It's too soon to say who will win.

It’s easy to confuse frequency with duration—especially when you are contending with a high volume of activity. Categorizing things comes naturally to us all. It appeals to our sense of order and perhaps even creates an aura of control. Within the wealth management industry, we organize events into cycles. Bull, bear, business, life … we love a good cycle. It offers order and (often erroneously) helps to inform what we think should happen next.

Right now, the wealth management industry is in the midst of a consolidation cycle—particularly among RIAs. Given the number of transactions hitting the headlines, one would be forgiven to believe the dealmaking involving mega-RIAs, aggregators and consolidators must be nearing its inevitable conclusion. 

But where are we, really? 

In speaking with industry watchers, the consensus is that we’re closer to the beginning of the cycle than the end when it comes to M&A. To use a baseball analogy, we’re in the second—maybe third—inning. And we have been for the last three or four years… years that have seen outside events impact every area of our lives, including within the wealth management arena. 

In 2023, M&A saw a slowdown driven by market volatility, economic uncertainty and an increase in the cost of capital. It wasn’t drastic by any measure, and opportunities remain for both buyers and sellers. Even with all of the consolidation we’ve witnessed, there are net new RIAs dotting the landscape each year.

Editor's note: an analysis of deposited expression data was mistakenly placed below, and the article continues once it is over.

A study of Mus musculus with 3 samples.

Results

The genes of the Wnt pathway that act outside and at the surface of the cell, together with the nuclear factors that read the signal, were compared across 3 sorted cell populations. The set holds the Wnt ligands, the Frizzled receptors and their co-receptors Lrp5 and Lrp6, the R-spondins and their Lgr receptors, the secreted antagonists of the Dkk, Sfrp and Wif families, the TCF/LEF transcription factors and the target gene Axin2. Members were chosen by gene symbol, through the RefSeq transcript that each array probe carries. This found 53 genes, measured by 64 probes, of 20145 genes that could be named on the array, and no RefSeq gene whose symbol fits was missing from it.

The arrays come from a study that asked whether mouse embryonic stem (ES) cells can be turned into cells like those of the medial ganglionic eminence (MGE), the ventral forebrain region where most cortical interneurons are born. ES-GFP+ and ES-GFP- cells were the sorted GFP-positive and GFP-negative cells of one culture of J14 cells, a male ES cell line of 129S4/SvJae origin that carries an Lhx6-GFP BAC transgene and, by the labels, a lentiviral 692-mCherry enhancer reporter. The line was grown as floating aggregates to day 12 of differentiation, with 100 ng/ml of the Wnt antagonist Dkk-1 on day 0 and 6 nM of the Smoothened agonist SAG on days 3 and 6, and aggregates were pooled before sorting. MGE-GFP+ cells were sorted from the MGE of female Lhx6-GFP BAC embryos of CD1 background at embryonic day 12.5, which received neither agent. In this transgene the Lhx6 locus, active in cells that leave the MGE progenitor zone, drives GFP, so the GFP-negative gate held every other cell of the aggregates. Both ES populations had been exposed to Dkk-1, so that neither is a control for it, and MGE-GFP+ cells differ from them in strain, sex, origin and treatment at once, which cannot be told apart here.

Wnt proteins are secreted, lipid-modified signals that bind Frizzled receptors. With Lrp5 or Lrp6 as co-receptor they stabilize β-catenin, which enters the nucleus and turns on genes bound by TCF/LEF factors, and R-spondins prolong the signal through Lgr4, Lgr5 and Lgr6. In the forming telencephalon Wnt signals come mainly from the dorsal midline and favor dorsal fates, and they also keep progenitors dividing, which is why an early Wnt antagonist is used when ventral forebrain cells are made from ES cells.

That’s not to say the landscape hasn’t changed. It has, in meaningful ways. With increasing selectivity among buyers, especially the more established ones, prices are being scrutinized more closely. I’m seeing an environment of bifurcated pricing and segmentation based on quality. Premium practices and firms are still attracting the attention and dollars of buyers despite potentially more aggressive pricing than in previous years. In fact, prices may be peaking. However, the less attractive firms are not garnering as much interest, are courting fewer potential buyers and may be seeing prices compress.

Let’s not forget the impact of private equity. Already a strong presence in the wealth management M&A space, more PE players are looking for an entry on a selective basis. This is one of the indicators that we are still a long way from the maturation of this acquisition and consolidation trend. It might, however, help advance the cycle and propel us into the fourth inning (to continue the baseball analogy) —a significant development given the inertia mentioned earlier.

What will the future look like? Opportunities will be present, for sure. But will they be worth pursuing? We cannot predict the future. The reality is, right now, this industry is still so fractured that there will continue to be great opportunities—in terms of quality and quantity—for both buyers and sellers over the next five years. It’s important to note that as buyers continue to be more selective, sellers must position themselves appropriately to gain traction in an increasingly competitive market. 


Jeff Nash is Chief Executive Officer and co-founder of Bridgemark Strategies.